On Friday I wandered down to my local cinema with my mate Murray and caught the second showing of the revived Hammer studios new film The Woman in Black. Murray had already joked on the walk over that the auditorium would be packed with screaming teenage Potter fans a notion that I had brushed off, but on entry to the screen (just in time for the Orange ad) we discovered that this was indeed the case. Whenever Daniel Radcliffe appeared on screen the excitement from the back rows was audible. This mildly tainted my enjoyment of the film, as on a personal level I find it hard to feel scared when viewing a film with large numbers of (giggling) people. Others on the other hand enjoy this shared atmosphere of opening weekend horror movies, and I admit that I was happy to hear the loud screams of my fellow audience members for a home grown British horror, which brings me onto the film itself.
Hats off to Hammer for managing to do the inexplicable and produce a horror film that is on one level a gore-free, completely inoffensive, almost family friendly 12A film, but on another level genuinely chilling, seat grippingly terrifying, thoroughly modern, and and yet nostalgically classical horror. This is also the first of the new Hammer films that I have seen that I think can be described as a Hammer film in the truest sense (fitting in with it’s previous cannon of films) Let Me In. and The Resident both felt very American, in style not just in location, whereas The Woman in Black is unashamedly British in both regards. The film is very modern in style, but manages to create a continuity with Hammer’s past through its use of themes and iconography. Back once more are the unfriendly locals, the rolling fog banks, the religious iconography, and the muddy grave yards, only this time the scenery is stomped through by the fresh faced Daniel Radcliffe.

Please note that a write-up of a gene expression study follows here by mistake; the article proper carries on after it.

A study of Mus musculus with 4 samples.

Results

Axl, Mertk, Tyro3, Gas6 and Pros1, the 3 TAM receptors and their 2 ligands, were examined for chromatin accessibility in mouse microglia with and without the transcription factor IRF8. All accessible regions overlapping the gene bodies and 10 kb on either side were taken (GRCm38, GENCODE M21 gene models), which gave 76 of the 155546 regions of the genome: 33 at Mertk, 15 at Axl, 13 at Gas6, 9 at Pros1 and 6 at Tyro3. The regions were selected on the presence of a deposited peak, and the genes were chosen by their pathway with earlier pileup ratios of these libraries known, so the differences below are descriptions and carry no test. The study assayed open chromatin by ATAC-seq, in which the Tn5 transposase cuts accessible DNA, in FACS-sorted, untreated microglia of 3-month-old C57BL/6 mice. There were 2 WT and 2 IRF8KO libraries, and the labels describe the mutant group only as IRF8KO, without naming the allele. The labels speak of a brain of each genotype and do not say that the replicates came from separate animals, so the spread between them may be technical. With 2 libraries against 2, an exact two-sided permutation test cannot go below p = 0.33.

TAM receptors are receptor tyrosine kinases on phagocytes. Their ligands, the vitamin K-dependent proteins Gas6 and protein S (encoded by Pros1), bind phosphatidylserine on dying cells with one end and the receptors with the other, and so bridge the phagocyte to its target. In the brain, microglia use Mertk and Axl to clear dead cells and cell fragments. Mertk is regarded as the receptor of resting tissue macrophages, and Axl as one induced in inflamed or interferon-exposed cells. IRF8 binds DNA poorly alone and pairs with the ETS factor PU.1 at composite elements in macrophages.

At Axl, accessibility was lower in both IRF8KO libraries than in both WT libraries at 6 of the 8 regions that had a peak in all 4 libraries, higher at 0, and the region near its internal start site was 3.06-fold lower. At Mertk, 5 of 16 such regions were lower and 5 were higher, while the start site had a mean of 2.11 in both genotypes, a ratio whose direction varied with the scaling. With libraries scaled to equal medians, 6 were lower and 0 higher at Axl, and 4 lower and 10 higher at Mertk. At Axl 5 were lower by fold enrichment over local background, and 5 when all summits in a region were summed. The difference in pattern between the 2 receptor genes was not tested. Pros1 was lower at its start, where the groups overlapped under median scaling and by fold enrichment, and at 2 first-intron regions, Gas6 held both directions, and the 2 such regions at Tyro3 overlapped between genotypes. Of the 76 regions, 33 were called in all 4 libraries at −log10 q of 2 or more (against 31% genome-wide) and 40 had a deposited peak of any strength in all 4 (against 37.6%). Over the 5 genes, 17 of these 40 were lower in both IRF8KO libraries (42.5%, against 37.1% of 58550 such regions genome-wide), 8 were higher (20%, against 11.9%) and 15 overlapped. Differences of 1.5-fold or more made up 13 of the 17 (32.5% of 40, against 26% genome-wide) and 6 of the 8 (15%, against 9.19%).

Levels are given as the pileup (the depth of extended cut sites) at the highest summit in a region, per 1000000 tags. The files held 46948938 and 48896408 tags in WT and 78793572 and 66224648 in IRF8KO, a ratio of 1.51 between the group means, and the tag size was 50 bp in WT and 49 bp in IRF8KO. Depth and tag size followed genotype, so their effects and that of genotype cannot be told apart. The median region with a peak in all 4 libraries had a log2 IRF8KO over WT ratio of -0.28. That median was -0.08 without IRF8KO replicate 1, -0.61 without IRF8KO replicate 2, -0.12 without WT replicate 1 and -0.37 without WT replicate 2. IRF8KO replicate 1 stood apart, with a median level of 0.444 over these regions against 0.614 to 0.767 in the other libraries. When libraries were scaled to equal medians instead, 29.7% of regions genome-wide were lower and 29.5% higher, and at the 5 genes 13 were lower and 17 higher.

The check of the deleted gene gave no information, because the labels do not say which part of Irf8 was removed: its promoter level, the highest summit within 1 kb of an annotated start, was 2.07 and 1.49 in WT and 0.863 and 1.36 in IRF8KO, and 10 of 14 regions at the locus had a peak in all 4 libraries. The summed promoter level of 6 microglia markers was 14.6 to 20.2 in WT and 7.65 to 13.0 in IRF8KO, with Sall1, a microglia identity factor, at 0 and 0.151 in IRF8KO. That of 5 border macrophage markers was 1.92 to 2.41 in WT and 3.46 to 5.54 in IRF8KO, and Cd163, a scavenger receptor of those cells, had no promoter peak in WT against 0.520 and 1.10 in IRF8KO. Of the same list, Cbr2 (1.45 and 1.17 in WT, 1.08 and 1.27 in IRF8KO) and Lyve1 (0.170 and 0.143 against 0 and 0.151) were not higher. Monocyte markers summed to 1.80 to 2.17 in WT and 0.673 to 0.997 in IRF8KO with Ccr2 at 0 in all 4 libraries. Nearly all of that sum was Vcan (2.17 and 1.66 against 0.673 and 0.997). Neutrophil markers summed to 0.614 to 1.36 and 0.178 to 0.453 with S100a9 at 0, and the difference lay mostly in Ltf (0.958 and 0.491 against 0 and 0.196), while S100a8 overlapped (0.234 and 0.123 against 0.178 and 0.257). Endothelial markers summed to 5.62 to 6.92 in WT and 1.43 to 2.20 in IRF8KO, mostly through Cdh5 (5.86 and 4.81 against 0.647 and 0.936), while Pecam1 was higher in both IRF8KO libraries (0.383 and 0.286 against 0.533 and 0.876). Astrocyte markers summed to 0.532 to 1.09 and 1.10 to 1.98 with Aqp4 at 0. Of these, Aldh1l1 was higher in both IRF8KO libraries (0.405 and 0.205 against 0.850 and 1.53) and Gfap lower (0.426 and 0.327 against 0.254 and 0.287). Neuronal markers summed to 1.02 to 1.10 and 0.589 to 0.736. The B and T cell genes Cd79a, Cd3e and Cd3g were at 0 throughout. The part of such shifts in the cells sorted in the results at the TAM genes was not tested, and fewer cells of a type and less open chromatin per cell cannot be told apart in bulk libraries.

And now a brief summery of the plot. Daniel Radcliffe’s wife has died in child birth, this event leaves him so distraught that his work evidently suffers, and now, a few years on, he is given an ultimatum by his employer that he must travel to a remote coastal village and spend the weekend sorting out the papers of a deceased clients estate before returning or he will lose his job. Sounds simple enough? However when Radcliffe arrives in the village he finds that the locals, including the local solicitor who is supposed to help him, want him to go straight back where he came from. Even worse the house he needs to visit is on an island surrounded by dangerous marshes that can only be reached by a causeway when the tide is out. He soon discovers that the house is haunted by a mysterious woman in black, and the consequences of seeing her are grave indeed for the residents of the local village. But not only is Radcliffe tapped in the house for long periods by the tide, but he is trapped by the knowledge of what will become of his son if he leaves without completing his work for the firm.
Although I was not scared per say, as I am notoriously hard to scare nowadays, I did find that the film had a suitably creepy atmosphere, and some nail biting set pieces. The child’s playroom with the rocking chair was enough to give anyone nightmares. The other people in the theatre were thoroughly terrified from start to finish, including Murray who was gripping my arm from about a third of the way in. The Woman in Black is a very, beautiful, atmospheric, highly enjoyable, and well made film and I thoroughly recommend it.